This week Awesome Stories brings you the power and passion of flowers.
Flowers bring me endless joy. Just like a bee, I am drawn to the beauty and smells of flowers. Bees and flowering plants have a mutual relationship where both species benefit. Most of us know that flowers depend on bees for their survival and reproduction. They’ve developed all sorts of tricks to attract insects including vivid colors, specific smells, leaf patterns, and don’t forget those sexy stamens! 🙂 After collecting nectar and pollen from different flowers, the bees fly back to their colonies, share the pollen, and create honey. And in turn, we humans depend on the bees to pollinate most of our food crops. Flowering plants make up about 70 percent of the world’s plant populations. Flowers also depend on birds, animals, wind, and water for their pollination. Bees are a critical part of our planet’s ecosystem and have recently been dying off in accelerating numbers. The main causes of bee deaths seem to be excessive use of pesticides, growing parasites harmful to bees, reduced habitat, and diminished use of honey to feed the bees. Sadly, many honey growers are feeding their bees high fructose corn syrup instead of honey. This is another case of our need to wake up to the consequences of our actions on the planet.
Flowers As Food
In case you didn’t know, many flowers are edible and cooking with flowers has come back into vogue. Flowers as food has been dated back thousands of years to China, the Middle East, and India. Many flowers or at least parts of the flowers are edible, but please be safe and smart about it. Use a known flower and source to identify them such as local experts or online charts like the one in this What’s Cooking America article. I’ve eaten dandelions, purse, clover, redbud flowers, and a few other backyard treats. I learned a few new ones in the article such as daylilies and marigolds that I want to try. Dandelion roots have medicinal benefits. I’ve always loved the smell of roses, but didn’t know you can eat them! What are some of the flowers that you’ve eaten or cooked with?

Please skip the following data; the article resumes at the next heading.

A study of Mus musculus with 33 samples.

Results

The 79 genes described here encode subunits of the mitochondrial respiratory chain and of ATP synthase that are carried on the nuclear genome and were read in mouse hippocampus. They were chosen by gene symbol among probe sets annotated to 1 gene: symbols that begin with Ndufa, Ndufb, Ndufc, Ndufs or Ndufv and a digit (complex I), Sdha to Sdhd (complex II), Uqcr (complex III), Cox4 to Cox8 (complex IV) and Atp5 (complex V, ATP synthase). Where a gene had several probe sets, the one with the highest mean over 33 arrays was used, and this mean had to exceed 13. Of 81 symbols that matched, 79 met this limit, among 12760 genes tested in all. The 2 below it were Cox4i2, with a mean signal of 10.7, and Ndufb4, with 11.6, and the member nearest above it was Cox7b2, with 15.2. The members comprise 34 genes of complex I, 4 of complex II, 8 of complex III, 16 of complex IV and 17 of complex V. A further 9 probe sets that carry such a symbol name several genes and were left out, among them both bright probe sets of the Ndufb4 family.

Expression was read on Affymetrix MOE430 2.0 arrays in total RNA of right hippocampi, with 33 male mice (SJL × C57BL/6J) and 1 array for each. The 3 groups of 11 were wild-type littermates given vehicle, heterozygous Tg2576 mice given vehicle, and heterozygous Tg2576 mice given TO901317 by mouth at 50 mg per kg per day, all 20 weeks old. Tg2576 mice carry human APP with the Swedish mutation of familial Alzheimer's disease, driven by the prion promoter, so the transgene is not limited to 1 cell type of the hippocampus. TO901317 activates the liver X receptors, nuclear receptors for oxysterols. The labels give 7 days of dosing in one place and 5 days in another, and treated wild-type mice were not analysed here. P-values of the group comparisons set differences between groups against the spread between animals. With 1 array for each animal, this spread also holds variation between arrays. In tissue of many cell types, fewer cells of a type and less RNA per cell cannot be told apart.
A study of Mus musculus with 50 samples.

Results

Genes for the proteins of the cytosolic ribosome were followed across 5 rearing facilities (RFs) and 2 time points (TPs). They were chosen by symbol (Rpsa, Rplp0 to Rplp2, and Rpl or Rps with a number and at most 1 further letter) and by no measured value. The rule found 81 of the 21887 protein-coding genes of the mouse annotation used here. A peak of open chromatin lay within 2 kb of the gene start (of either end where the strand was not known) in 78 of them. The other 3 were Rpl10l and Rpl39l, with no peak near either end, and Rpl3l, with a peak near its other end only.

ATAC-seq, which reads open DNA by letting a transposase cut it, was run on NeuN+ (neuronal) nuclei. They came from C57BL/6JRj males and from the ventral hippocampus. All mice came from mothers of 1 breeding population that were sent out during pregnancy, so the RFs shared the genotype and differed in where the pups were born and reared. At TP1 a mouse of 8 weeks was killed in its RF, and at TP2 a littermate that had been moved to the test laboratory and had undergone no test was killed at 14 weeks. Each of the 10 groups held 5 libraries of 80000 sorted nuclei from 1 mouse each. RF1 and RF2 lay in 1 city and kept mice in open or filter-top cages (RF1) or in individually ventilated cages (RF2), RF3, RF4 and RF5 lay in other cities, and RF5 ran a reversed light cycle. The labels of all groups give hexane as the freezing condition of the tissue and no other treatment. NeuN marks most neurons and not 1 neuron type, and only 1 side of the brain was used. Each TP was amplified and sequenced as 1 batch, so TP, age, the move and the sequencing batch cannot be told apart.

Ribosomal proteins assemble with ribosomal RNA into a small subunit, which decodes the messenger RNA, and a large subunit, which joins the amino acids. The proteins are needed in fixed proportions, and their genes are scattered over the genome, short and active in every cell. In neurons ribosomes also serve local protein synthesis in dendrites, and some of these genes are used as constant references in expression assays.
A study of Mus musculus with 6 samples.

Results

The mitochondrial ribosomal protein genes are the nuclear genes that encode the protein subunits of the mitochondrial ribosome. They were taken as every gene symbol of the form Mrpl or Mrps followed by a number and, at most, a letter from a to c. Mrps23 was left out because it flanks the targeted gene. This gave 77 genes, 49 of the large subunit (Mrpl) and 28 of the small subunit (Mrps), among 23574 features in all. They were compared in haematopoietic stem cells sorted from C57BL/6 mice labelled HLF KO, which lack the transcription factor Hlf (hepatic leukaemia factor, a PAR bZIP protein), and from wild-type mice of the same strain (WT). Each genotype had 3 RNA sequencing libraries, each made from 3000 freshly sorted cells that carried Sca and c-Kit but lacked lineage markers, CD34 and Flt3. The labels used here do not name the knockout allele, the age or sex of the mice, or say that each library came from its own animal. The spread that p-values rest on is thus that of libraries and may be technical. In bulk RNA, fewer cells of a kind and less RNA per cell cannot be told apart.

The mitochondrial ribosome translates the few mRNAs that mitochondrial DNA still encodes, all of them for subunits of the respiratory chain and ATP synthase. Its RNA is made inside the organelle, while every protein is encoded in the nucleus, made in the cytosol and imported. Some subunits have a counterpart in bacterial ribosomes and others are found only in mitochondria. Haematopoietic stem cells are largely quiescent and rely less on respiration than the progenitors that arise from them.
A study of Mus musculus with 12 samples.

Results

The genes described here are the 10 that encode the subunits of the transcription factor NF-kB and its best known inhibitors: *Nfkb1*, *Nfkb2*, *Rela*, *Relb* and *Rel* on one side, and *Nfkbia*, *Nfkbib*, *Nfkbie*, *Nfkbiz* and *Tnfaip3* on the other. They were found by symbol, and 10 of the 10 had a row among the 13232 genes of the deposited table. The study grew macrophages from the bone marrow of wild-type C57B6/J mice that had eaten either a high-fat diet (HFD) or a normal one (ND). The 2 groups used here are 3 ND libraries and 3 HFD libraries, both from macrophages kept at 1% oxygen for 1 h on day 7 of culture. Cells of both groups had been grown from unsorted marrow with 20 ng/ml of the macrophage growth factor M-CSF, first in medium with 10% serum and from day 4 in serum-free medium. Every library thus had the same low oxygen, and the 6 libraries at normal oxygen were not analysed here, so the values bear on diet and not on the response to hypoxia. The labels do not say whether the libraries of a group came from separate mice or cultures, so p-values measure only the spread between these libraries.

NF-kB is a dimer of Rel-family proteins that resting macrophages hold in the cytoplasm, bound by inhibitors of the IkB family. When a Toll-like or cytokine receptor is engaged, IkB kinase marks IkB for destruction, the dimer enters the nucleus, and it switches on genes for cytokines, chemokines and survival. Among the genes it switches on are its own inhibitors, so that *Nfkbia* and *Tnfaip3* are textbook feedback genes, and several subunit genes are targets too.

Tips to be safe from the article: make sure they are edible, wash them, remove stamens and pistils, come from a pesticide-free source, and eat them in small amounts, one variety at a time to see how you digest them.
Frolicking in the Tulips
Apparently, mice love flowers, especially tulips, almost as much as bees. Miles Herbert is a British photographer who loves to teach workshops and capture mice playing in tulips. Mice like to eat the stamens and nectar, as well as simply hang out in the petals! See the article for many more adorable photos on mice frolicking in the tulips. I bet the photos will bring a smile to your day. 🙂
May your week be full of food, flowers, and frolicking!